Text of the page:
Koloman Moser was born on 30th of March, 1868 as the son of Josef Moser and his wife Theresia, in a building of the „Theresianum“ (Private Academy) Two younger sisters followed. After elementary and commercial school a career in a soap and perfume business was planned for him.
He preferred to go to the Academy of Fine Arts Vienna, where he passed the entrance examination without the knowledge of his parents. He studied at the class of Christian Griepenkerl. After the death of his father, he financed his studies with illustrations in art magazines. Later he studied at the „Kunstgewerbeschule“ (later Academy of Applied Arts) under Franz Matsch.
In his younger years, he was mainly busy in arts and crafts and was influenced by the Scottish artist couple Mackintosh and the English Arts & Crafts movement. Later he worked as a freelance graphic designer and was active in all areas of applied art. 1897 he became co-founder of the Vienna Secession. For their magazine "Ver Sacrum" he designed more than 140 illustrations. He undertook various journeys throughout Europe.
His versatility made him a universal artist. In addition to works made of porcelain, glass, ceramics, metal, he also designed jewelry, textiles, furniture and even toys. In 1903, together with Josef Hoffmann and Fritz Wärndorfer, he founded the „Wiener Werkstätte“, whose aim was to promote handicrafts towards industrial production.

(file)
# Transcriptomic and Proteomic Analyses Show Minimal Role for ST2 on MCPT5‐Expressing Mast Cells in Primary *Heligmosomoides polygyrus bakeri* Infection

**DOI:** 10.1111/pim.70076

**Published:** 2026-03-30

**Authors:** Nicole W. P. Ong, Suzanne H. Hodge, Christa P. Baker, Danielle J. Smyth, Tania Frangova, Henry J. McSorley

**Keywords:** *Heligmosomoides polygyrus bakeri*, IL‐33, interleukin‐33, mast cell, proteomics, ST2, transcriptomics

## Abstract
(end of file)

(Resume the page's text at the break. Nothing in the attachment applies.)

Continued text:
In 1905 he married the wealthy industrial daughter Ditha Mautner-Markhof and changed his confession because of this marriage. The Mautner Markhofs were Protestants. Two sons were born, one of them died early.
In 1907 he left the „Wiener Werkstätte“ because of differences with Wärndorfer and began to devote himself more to painting. In the following years he was influenced by the Swiss painter Ferdinand Hodler.
In 1916 he became ill with cancer of the larynx and died on 18 October 1918. His remains can be found at the Hietzing Cemetery in Vienna.